The object is lowered onto the Mass (or Weight) and CG Table and positioned relative to the machine zero (fixturing may be required). The center of gravity location and weight of the object are then determined by the computer which reads the force transducers and performs the necessary algebraic calculations. Mass (weight) is calculated by summing the output of the force transducers. CG is calculated using an equation involving the spacing of the transducers, and the distribution of force. For example, if the weight of the test item is applied equally to all transducers, then the CG of the test item is at the midpoint between the transducers. These instruments measure two axis CG. The third CG coordinate may be measured after rolling the object 90 degrees.
Software for these instruments is provided so that any Windows compatible PC with an available RS-232 port may be used. All instructions for use are given on screen. The measurement software supplied prompts the operator, reads the transducers, calculates weight and CG location, and prints a report. There is a provision for keying in the description or serial number of the object under test, so that the data report can be used to document a series of tests on different objects. Optional custom software calculates the ballast weights required to shift CG location to meet certain specifications.
Safety Features – The test table is electrically grounded to the instrument frame for static protection. Optional Class I, Group D or Class II, Div 2, Groups E, F, G explosion proofing can be provided.
Test Fixtures – The instrument mounting surface is a precision grid plate (see photo to the left). Rectangular objects with at least one flat surface may be mounted directly on the table, eliminating the need for a custom fixture in many instances. This mounting surface is a flat rectangular plate with numerous holes in a grid pattern with known relationship to the table origin. The holes are equally spaced and allow for mounting test parts so they have a known location with respect to the machine’s reference axes. For test parts which are basically rectangular in shape, a fence and one pin (or 3 pins) which are supplied with the instrument, are installed on the grid plate to make contact with the test part and establish a datum corner. The measurement software provided automatically calculates CG results relative to this defined datum corner. For test parts that are cylindrical or irregularly shaped, a precision fixture is needed to locate the test item so its nominal CG is close to the machine zero.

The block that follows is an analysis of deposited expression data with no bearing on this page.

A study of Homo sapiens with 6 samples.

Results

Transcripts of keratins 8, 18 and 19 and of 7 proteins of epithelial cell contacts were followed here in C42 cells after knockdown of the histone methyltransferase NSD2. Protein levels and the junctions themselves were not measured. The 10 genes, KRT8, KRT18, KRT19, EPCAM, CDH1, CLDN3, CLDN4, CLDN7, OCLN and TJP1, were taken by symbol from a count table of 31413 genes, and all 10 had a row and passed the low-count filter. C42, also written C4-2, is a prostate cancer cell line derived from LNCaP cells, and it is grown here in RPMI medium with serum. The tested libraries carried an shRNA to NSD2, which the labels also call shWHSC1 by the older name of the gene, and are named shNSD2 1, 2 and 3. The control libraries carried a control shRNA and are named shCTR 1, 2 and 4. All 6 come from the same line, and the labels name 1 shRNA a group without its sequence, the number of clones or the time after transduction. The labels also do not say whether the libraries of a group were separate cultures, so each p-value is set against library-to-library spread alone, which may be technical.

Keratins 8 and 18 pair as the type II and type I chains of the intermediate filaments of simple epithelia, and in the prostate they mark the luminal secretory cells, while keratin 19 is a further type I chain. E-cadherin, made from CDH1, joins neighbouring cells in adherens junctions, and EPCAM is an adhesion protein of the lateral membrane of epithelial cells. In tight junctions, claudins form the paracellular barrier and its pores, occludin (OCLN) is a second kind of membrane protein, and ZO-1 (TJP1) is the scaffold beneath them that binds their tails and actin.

The machine accuracy is only as good as the accuracy and repeatability of this fixture. Fixture position error can be minimized by calibrating the machine with a precision test mass that contacts the fixture at the same location as the part. Space Electronics manufactures a number of vee block fixtures which are designed to hold cylindrical test items. Custom fixturing may be required for other shapes (contact Space Electronics for more information). Whenever possible, test items should be fixtured so the longest dimension is horizontal, to minimize center of gravity height.
Note: When measuring radial CG offset of cylindrical parts, accuracy can be greatly improved by providing a fixture in which the test object can be rolled 180o about its longitudinal axis. This technique gives two CG offset measurements which can be averaged to eliminate fixturing and leveling error.
Center of Gravity Accuracy
CG accuracy is a function of test object weight, center of gravity height, fixture accuracy, and the care with which the instrument is leveled. These instruments are less accurate than our KSR series gas bearing pivot type instruments.
Our Standard Series WCG series instruments can detect changes in CG as small as a few thousandths of an inch for test items which are near the weight limit of the instrument. To calculate the sensitivity to CG change, divide the instrument moment sensitivity (lb-inch) by test item weight (lb). The accuracy limitation with this type of instrument is due to a lack of definite zero reference.
On our KSR instruments, zero is the center of rotation of the gas bearing and can easily be related to the position of the test item by a dial indicator. On this type of instrument, the zero reference is affected by the dimensional accuracy of the fixture and the leveling accuracy (on rotary table pivot type instruments such as our KSR series, leveling error is eliminated automatically). These errors can be minimized by calibrating the instrument with a test mass whose CG location is precisely known. This test mass must interface with the fixture in precisely the same manner as the item being measured. A different test mass is required for each fixture.